Government Committed to Priorities – SA Budget

SA Finance Minister Pravin Gordhan delivered the South African medium term budget statement on 27th October. Government priorities remain social spending, infrastructural expansion and job creation. See Idasa’s comment in the video and statement below.

– By Len Verwey –

Pravin Gordhan became South Africa’s new Minister of Finance under difficult circumstances. Although it appears as though the global economy may be moving out of recession, and that South Africa will soon follow, economic headlines leading up to Tuesday’s MTBPS speech focused on the ballooning budget deficit, the poor performance of tax revenue which is one reason for it, and on what seem to be continuing tussles within government over who should be running the economy.

It was therefore not surprising that the Minister did his best to calm the waters, to insist that in fact everything was under control. The credibility of these assurances, and the degree of fiscal risk South Africa takes on board over the coming medium-term, should inform our discussions going forward, as well as Parliament’s deliberations on the budget.

The basic story is a commitment on government’s part not to cut spending over the coming medium-term, even though tax revenue will only recover slowly from its slump. In fact, tax revenue looks likely to recover more slowly than the growth rate, in part because South Africa’s over-indebted households will not be spending as much for quite some time as they did in the boom years. Thus, we not only get the 7.6% budget deficit which is estimated for the current fiscal year, but deficits of 6.2%, 5% and 4.2% in the following years. Large deficits mean more debt, and the 2009 MTBPS estimates debt stock at 41% of GDP by 2013. This is large by recent South African standards, but not particularly large within the current crisis-response paradigm.

The MTBPS did not contain big surprises as far as allocations are concerned: government priorities remain social spending, infrastructural expansion (much of it led by the state-owned enterprises), as well as job creation. Whilst all South Africans would agree on the importance of these, job creation in particular requires establishing a more inclusive and competitive economy. This will not happen overnight and cannot happen solely through the agency of government.

As expected, the Minister emphasised that government would try to save some money and reduce corruption. There was also a surprising degree of emphasis on improving tax compliance, suggesting that SARS may believe tax evasion has increased in the current harsher economic environment. Emphasising these points is clearly necessary for a government that will not be able to increase its spending much over the next three years  but has to get the most value possible out of every allocated Rand. It is a welcome emphasis and Parliament, the media and NGO’s need to contribute to what may be called ‘value for money’ oversight.

It remains to be seen, though, whether government’s growth and tax predictions have come through these turbulent times with credibility fully intact. The issue here is less the economics of the budget and more its role in enhancing fiscal predictability and transparency. The 7.6% deficit which seems likely for the current year stems from a significant under-estimation of growth, accompanied by a very significant spending increase from 2008/09 to 2009/10. That increase in spending was warranted, and remains warranted, not only because curtailing infrastructure plans would’ve been foolish, but also because increased spending, combined with relaxing monetary policy, is the right way for government to dampen the recessionary shock.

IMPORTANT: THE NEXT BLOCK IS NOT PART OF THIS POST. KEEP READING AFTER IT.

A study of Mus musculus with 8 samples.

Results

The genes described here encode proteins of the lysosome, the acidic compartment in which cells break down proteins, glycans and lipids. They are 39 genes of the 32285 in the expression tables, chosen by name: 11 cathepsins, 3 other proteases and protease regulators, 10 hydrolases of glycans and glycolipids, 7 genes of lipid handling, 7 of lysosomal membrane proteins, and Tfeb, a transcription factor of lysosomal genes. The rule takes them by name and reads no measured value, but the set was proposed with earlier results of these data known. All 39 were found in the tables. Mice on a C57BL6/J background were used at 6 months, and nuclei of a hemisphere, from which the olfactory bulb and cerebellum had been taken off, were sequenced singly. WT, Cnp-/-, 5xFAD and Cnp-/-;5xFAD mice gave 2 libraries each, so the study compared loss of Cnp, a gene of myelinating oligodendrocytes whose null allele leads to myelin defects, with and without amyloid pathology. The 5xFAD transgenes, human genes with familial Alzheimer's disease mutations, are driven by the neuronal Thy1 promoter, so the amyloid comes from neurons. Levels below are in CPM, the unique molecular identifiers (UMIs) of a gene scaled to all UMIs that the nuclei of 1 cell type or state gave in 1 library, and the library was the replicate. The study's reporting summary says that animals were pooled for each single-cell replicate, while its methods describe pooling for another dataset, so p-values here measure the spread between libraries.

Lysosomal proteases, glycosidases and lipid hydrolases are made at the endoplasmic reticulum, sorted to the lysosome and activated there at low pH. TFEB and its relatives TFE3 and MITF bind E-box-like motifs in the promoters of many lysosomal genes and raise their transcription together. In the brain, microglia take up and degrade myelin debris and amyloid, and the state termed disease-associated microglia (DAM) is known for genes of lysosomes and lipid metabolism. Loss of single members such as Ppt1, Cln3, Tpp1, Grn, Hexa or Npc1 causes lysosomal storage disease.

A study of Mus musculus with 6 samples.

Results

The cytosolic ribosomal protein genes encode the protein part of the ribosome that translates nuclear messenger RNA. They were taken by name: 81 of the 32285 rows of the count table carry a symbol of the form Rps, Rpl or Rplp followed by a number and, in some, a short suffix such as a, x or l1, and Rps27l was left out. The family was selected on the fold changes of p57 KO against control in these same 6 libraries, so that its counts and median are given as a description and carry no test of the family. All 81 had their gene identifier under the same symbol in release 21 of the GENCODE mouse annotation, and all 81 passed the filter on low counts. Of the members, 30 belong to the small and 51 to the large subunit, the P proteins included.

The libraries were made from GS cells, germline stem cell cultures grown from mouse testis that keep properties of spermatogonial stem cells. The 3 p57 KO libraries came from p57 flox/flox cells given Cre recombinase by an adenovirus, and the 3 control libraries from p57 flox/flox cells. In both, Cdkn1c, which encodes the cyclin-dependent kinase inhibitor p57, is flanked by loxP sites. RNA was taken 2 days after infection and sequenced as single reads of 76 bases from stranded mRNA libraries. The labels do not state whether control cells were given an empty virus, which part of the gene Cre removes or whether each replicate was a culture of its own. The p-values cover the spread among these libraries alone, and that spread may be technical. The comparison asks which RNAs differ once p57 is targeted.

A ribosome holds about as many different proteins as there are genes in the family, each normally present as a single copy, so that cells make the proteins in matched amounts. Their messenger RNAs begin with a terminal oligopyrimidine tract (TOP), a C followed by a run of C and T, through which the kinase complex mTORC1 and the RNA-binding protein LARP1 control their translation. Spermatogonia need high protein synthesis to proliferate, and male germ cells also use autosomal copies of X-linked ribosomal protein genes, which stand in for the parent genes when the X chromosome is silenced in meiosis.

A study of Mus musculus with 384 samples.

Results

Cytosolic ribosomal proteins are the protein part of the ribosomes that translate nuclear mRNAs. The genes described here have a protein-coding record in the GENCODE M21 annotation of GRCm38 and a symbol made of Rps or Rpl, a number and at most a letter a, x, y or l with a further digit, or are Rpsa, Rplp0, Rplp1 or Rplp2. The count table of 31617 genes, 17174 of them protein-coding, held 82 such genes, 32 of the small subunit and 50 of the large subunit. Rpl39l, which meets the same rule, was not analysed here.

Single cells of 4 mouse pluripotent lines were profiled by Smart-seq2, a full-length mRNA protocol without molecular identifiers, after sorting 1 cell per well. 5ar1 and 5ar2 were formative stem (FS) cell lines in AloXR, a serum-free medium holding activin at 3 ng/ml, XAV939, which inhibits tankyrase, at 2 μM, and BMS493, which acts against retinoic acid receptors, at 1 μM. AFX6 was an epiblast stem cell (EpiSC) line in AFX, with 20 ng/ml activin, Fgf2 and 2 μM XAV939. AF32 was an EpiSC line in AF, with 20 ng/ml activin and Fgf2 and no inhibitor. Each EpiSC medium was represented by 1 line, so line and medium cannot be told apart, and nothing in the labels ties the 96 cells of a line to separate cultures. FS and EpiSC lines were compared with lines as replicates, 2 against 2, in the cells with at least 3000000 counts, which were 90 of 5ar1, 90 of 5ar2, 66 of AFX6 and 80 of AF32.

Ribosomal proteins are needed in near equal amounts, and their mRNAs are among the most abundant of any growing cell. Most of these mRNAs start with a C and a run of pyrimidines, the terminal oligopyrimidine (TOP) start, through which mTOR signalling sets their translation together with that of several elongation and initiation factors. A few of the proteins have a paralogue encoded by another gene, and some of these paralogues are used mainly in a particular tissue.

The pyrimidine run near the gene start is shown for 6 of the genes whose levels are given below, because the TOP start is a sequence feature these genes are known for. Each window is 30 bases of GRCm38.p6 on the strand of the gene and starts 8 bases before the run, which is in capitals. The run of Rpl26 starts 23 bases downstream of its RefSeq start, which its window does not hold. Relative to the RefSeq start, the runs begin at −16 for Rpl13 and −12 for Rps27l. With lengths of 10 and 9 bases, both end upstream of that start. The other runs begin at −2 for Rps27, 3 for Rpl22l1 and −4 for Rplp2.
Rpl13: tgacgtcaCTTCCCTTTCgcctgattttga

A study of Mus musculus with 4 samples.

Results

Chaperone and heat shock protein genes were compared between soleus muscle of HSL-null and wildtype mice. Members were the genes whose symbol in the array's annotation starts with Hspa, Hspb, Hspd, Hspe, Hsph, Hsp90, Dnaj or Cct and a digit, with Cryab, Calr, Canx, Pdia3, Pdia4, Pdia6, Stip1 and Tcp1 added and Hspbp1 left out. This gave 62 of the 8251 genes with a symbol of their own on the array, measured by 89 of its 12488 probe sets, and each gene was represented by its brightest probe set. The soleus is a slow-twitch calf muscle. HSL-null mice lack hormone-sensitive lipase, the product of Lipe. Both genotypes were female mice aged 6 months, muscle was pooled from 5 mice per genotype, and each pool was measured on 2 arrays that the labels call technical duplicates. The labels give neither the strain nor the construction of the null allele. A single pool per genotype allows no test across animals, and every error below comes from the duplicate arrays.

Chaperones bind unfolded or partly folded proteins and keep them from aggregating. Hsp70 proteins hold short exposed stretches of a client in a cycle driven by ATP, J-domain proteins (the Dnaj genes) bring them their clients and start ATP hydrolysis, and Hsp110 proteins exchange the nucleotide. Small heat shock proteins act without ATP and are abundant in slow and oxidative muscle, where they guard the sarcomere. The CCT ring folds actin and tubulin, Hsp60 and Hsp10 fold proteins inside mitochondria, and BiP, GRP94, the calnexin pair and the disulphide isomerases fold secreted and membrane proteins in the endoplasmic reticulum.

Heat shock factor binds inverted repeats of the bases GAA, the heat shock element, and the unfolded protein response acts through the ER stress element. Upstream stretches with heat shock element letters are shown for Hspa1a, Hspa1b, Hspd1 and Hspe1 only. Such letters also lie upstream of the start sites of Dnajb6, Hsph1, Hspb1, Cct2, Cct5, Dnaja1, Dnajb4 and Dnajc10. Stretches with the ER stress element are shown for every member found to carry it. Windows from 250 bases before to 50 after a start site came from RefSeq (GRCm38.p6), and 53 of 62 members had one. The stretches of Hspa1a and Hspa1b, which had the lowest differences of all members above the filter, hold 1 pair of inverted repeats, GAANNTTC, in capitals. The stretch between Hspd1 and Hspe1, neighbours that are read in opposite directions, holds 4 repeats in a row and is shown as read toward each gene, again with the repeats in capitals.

But clearly February 2009’s budget was far too optimistic in its assumptions for 2009/10 growth and therefore tax revenue and therefore the deficit. Then, Trevor Manuel said the economy would grow by 1.4% over the 2009/10 fiscal year. This at a time when the economy had already been contracting for a quarter and was busy contracting at an annualised rate of 6%. Pravin Gordhan now had to take the stage and revise that growth down to -1.6% for the same fiscal year. This kind of divergence exposes how little we understand about the nature of our economy’s adjustments when it comes under strain, understandable perhaps given the complexity of the variables involved. .

Over the next three years, while growth is expected to slowly recover and tax revenue even slower than that, government will keep spending. It does not have a choice, given the poverty, the inequality, and the unemployment that still mar our democracy. When the books are closed on the 2009/10 fiscal year, government spending will have made up about 35% of GDP. Although this ratio will go down over the medium-term, it will not go down below 30% again in the foreseeable future. The MTBPS also makes it clear that, three years from now, South Africa is likely to be significantly more indebted than it has been in some time. These figures point to obvious risks as far as the sustainability of public finances is concerned, but  no clear debt trap or other alarmist scenario awaits us. However, what is required, now more than ever, is value for money. The social and economic stakes may well continue going up under Minister Gordhan’s financial leadership, and effective and broad oversight of public finances must now take center stage in our conversations about how to get from a Finance Minister’s speech to a South Africa that fully meets the aspirations of the Constitution.